First published on www.huffingtonpost.co.uk on 31 March 2014
What a month March has been! I was in Boston, USA for the annual Conference on Retroviruses and Opportunistic Infections
(CROI 2014) where some very promising HIV cure related science made global headlines but more of that in my next blog.
After a brief stop off in San Francisco and Melbourne I travelled to India to take AIDS 2014 on the road.
My first stop was New Delhi where UNAIDS India and the Government of Victoria hosted a public seminar where I delivered a lecture detailing the progress on work towards an HIV cure. Prior to the seminar I met with journalists from some of the country's leading newspapers and it is my hope we will see some of those outlets reporting on AIDS 2014 from Melbourne.
The seminar attracted lots of questions from an audience mainly consisting of representatives from the Ministry of Health, parliamentarians, UN Agencies, development partners, implementing partners and local scientists. While participants were interested in recent developments in HIV cure research, the lecture was also an opportunity to reinforce the importance of people testing for HIV and having access to treatment.
From Delhi we travelled to Pune, the home city of the National AIDS Research Institute (NARI), the regional scientific partner for the conference co-ordinating committee (CCC) for AIDS2014. NARI has close to 80 permanent staff working on different aspects of HIV - basic, clinical and social science, all based at the one institute.
NARI´s Director Dr Ramesh Paranjape was gracious enough to introduce me to many of the NARI staff, including the two full time physicians who staff the clinic of close to 3000 patients on ART! The very same clinic also participates in large clinical trials and had a big role in the HPTN052 study which showed the benefit of early ART in HIV discordant couples. They recruited 250 couples to the study which I thought was pretty impressive!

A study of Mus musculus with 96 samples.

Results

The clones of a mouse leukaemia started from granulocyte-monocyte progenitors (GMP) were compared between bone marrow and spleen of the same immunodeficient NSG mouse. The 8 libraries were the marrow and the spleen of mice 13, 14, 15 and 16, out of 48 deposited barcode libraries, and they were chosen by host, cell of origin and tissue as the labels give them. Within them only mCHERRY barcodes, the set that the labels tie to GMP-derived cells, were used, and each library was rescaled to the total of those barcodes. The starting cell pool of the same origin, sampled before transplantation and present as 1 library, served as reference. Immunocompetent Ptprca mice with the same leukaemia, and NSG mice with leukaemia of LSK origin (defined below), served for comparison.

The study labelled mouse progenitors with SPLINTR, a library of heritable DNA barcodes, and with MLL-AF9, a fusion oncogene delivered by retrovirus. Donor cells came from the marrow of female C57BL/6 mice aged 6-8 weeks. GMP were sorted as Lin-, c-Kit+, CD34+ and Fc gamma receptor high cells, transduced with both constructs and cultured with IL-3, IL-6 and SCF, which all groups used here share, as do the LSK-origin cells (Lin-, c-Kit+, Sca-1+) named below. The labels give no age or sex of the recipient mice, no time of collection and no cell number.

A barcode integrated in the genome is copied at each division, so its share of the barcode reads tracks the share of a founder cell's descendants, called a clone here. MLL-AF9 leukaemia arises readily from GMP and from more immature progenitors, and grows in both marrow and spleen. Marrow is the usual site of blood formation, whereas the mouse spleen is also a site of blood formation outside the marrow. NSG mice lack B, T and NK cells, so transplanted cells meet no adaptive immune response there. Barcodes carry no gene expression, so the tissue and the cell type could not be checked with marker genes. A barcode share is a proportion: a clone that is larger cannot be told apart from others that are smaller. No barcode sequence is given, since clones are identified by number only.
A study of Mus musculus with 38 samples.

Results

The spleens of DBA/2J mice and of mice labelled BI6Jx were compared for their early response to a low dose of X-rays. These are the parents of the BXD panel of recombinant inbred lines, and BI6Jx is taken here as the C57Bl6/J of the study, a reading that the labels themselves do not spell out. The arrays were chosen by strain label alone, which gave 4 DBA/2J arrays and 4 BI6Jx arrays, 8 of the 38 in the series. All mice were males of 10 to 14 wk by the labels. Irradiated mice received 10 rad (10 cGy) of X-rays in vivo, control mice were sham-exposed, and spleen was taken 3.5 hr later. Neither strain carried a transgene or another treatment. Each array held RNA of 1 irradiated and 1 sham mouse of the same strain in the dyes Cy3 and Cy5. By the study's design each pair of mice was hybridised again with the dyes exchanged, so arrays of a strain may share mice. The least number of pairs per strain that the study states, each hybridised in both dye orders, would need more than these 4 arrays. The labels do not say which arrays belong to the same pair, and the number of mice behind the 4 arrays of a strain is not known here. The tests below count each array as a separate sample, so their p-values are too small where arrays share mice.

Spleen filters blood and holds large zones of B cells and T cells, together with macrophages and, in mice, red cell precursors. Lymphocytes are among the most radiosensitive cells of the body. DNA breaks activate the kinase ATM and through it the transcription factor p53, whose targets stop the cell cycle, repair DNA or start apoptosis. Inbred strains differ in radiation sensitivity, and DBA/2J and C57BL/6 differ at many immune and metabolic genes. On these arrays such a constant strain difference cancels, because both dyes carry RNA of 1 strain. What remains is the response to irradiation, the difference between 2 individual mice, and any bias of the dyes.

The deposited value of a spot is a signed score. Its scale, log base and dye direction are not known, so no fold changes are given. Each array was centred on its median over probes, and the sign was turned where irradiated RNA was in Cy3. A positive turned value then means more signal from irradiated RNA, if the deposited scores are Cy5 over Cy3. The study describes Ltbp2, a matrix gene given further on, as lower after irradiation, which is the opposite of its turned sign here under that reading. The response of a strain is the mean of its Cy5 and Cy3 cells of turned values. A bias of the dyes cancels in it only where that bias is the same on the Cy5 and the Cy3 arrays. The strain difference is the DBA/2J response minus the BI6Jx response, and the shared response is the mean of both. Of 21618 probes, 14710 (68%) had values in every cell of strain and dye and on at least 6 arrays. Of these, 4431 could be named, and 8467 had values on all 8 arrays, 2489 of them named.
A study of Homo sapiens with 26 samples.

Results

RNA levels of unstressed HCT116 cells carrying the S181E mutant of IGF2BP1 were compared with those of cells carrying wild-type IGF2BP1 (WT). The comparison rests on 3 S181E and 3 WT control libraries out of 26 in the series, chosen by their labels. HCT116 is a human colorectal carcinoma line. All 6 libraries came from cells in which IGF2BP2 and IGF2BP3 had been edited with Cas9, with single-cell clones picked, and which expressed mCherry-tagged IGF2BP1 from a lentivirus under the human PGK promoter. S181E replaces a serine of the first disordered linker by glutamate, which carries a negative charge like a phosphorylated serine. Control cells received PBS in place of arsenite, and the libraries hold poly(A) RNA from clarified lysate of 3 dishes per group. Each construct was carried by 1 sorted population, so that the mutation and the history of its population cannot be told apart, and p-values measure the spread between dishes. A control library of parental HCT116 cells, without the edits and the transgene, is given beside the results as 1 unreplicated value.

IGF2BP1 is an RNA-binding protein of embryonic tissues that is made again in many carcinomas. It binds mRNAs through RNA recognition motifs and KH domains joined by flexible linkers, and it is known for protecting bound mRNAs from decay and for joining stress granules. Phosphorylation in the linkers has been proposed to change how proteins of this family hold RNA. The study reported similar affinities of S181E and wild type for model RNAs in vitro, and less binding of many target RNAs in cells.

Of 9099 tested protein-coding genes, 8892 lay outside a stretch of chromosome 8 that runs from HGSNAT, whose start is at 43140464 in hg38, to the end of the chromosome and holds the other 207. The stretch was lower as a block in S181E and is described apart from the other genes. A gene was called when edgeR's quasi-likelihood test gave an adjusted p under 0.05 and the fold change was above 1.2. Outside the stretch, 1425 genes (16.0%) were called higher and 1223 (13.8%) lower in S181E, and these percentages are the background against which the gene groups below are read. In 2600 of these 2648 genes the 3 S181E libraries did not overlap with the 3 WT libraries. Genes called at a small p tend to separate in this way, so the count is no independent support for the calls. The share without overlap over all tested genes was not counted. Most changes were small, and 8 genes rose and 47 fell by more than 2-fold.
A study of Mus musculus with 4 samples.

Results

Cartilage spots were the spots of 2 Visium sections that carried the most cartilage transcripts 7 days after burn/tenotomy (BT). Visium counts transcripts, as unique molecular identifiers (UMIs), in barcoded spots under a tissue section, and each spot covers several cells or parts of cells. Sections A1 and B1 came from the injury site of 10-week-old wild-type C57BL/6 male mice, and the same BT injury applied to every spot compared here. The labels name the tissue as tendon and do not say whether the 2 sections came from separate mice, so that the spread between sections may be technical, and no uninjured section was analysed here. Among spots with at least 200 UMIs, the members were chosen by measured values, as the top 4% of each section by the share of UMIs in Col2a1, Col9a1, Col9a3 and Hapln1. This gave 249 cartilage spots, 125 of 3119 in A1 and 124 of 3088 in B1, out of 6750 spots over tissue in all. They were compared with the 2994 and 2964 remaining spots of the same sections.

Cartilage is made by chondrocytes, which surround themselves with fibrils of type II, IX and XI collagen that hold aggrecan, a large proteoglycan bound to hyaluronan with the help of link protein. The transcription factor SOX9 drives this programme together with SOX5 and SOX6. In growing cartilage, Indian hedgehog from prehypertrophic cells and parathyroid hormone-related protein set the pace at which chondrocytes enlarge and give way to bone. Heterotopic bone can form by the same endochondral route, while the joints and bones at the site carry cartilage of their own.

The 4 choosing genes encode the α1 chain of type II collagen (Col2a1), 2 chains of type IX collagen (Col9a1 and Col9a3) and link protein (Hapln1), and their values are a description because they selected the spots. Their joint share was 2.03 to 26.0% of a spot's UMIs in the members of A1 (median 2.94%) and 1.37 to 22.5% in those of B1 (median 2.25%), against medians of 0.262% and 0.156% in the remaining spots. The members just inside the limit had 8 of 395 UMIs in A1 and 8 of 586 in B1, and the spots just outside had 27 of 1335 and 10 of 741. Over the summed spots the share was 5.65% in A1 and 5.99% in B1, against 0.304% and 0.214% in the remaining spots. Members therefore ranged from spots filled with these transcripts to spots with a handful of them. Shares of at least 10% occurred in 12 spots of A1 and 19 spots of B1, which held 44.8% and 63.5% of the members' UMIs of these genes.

I later met with representatives from communities living with HIV. It was quite a new experience to be sitting with a large group of young women infected with HIV - most would have been in their late teens and early 20s. This is the face of HIV in India and clearly very different to our experience in Australia. It is why we must also make certain that the Asia Pacific region gets the focus at AIDS 2014 that it so needs.
On to the HIV Congress in Mumbai where I gave a talk on HIV Cure and was pleased to be joined at the conference by many international colleagues, including the scientific program chair for AIDS2014, Dr Juergen Rochstroh and many staff from the Alfred Hospital including Jenny Hoy, Joe Sasadeusz and Michele Giles, all of whom gave excellent presentations.
I spent that afternoon with Laxmi Narayan Tripati - a well known transgender woman from the Asia Pacific Network of Sex Workers, the regional community partner of the CCC for AIDS 2014 . Laxmi accompanied me on a visit to the 'red light' district where we met with transgender sex workers, many of whom are HIV infected. It was eye opening and somewhat sobering to see how these women live and work.
Transgender women have been part of Indian society for centuries and live as separate tight knit communities. Although they are marginalised and few remain in contact with their biological families, they are believed to bring luck to newborns and newlyweds. There are 5 or 6 large "clans" of transgender women in Mumbai and many are now sex workers. The prevalence of HIV in these communities is close to 40% which is extraordinarily high. Although there is widespread access to condoms in these brothels - largely due to the efforts of our colleague Laxmi - ongoing infection continues.
And to round off what was whirlwind trip, I got to meet one of Bollywood's biggest stars, Salman Khan.
Apparently, in 2010 People Magazine in India declared him the Sexiest Man Alive and in 2011, 2012 and 2013 he was declared the Times of India's Most Desirable Man! Together with Laxmi, we spoke to him about the challenges preventing and managing HIV in India. Mr Khan has been invited to attend AIDS 2014 but due to his filming schedule is unable to attend, but we are hopeful of engaging him with the conference in other ways.
Talking of which, it's back to Melbourne where preparations are underway for the AIDS 2014 program marathon meeting in mid April -this is the serious part where we put the finishing touches on what I am sure will be an outstanding program. More on that soon.